APRIL began with a dramatic fire that destroyed vehicles and caused damage at a North-East haulage yard.

Three heavy goods vehicles and three trailers were completely burnt out, while two lorries and one trailer melted in the blaze at the John Dickinson Transport depot, near Barnard Castle.

Firefighters were called to the yard at 1.51am and an investigation later concluded the blaze was not suspicious.

Paul Dickinson, son of business owner John Dickinson, described the event as a “painful experience”.

He said: “It was an unexpected fire and has caused us quite a few complications but they are all surmountable with a little bit of time.”

Also that month, a beat bobby who counts a former Prime Minister and an American president among the dignitaries he has served retired after more than two decades.

PC Keith Todd patrolled the streets of Sedgefield since 1995 - when he joined Durham Police following a 20-year stint in the British Army as a Royal Engineer advanced diver.

The father-of-three became a well-known figure in the community and during his service was part of the team to provide a uniformed presence to the then Sedgefield MP and former PM Tony Blair – and even took part in the security for President George Bush’s visit to the town in 2003.

“I have had a very enjoyable career in Sedgefield but look forward to a new chapter in my private life with my growing family,” said PC Todd, of Darlington.

“I will be sad to leave this community I am very fond of and have some great memories to cherish.”

The refurbishment of a historic tramway was said to be on track as its original Victorian features were in the process of being restored.

Carriages from the Saltburn Tramway were carefully being put together in anticipation of its reopening.

Components from the time Britain’s oldest water balanced tramway was first built were found and restored whenever possible, including original cast iron fittings.

Councillor Carl Quartermain, Redcar and Cleveland Borough Council’s cabinet member for tourism, culture and communications, said: “The tramway is simply iconic and a wonderful part of our tourism offer. It’s fantastic to see this refurbishment coming together so well so it can be enjoyed for many generations to come.”

As the month progressed, North-East TV presenter Ant McPartlin said he was “truly sorry” after being involved in a drink-driving crash.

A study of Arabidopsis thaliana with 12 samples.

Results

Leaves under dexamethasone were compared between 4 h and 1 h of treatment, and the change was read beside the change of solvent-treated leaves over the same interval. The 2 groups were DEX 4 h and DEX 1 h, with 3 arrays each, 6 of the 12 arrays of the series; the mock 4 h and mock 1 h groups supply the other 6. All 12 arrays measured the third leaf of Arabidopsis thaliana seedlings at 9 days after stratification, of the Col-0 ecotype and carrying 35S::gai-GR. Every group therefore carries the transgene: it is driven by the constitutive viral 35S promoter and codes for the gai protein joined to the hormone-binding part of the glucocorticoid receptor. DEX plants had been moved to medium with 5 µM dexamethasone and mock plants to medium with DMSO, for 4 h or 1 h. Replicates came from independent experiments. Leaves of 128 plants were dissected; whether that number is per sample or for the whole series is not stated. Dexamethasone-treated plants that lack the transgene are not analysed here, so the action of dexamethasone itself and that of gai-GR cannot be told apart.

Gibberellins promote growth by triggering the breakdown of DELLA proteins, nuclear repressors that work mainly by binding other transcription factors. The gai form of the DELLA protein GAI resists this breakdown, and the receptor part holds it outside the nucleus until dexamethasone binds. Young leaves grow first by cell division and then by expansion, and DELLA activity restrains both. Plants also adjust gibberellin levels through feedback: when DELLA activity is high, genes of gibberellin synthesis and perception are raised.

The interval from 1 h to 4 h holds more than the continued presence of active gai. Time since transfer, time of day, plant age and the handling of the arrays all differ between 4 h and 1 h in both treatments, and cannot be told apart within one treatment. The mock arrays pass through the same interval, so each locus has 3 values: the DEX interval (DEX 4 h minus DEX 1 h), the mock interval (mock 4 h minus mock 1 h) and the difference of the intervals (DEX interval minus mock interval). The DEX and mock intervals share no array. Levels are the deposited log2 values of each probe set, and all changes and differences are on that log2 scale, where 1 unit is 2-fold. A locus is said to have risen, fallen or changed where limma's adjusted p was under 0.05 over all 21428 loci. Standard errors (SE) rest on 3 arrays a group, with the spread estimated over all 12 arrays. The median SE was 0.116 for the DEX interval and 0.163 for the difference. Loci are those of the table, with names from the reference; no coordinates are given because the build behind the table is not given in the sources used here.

The £130,000-a-week star was banned from the road for 20 months and fined £86,000 after pleading guilty to driving while more than twice the legal limit.

McPartlin, 42, told police he was “ashamed and mortified” after crashing his car while drink-driving with his mother in the passenger seat.

Speaking on the court steps following sentencing, McPartlin said: “I just want to say I’m truly sorry for what happened.

“High standards are expected of me, I expect them of myself.

“I’ve let myself down, I let a lot of people down. And for that I am truly sorry. I’d like apologise to everybody involved in the crash and I’m just thankful no-one was seriously hurt.”

There was drama in Darlington as cattle escaped from a field and were loose along Coniscliffe Road.

Council workers were praised for preventing a potential accident by rounding up the animals into a front garden of a house in Darlington.

However, the woman who lived in the house demanded compensation for the front garden to be cleared after it was ruined.

After the incident, Nick Wallis, Darlington Borough Council’s cabinet member for leisure, local environment and transport said: “Without their quick thinking who knows what could have happened – Coniscliffe Road is a very busy road and thanks to them no one was injured.

“A member of staff from our street scene team has visited this afternoon and we have arranged to clear the debris, tidy the garden, plant bulbs and sow grass seeds where needed.”

And a North Yorkshire community came together to celebrate the triple-gold achievement of Jack Laugher at the Commonwealth games.

Jack completed his Commonwealth gold medal hat-trick after triumphing in the men’s synchronised 3m springboard with Chris Mears in Australia’s Gold Coast.

Back in his Ripon hometown, his parents Jackie and Dave were watching the action from the comfort of their living room before being whisked away to a surprise celebration party at the Ripon Spa Hotel.

Mr and Mrs Laugher were escorted to the bash by one of the most successful British swimmers of all time, Mark Foster, and were greeted by rapturous applause and a sea of England flags and Jack Laugher masks as they entered the hotel.

Clearly moved by the occasion and their son’s incredible achievement, Mrs Laugher said they would never get used to seeing Jack winning gold medals. She said: “We were very nervous for him, he was so wanting the hat-trick of golds and we went through every emotion with him.”

Similar celebrations were had in the North-East, as Middlesbrough-born swimmer Aimee Willmott returned from the Commonwealth Games with her own gold medal.

The 25-year-old fought back tears as she was greeted by friends, family and supporters at the Neptune Leisure Centre after her return to the UK.

Ms Willmott said: “I didn’t expect that at all – I thought it was a little bit strange that my coach and my dad asked me to come along in the middle of a session, but to walk in and see all my family and friends and my old swimming coach and PE teachers, it was just really nice."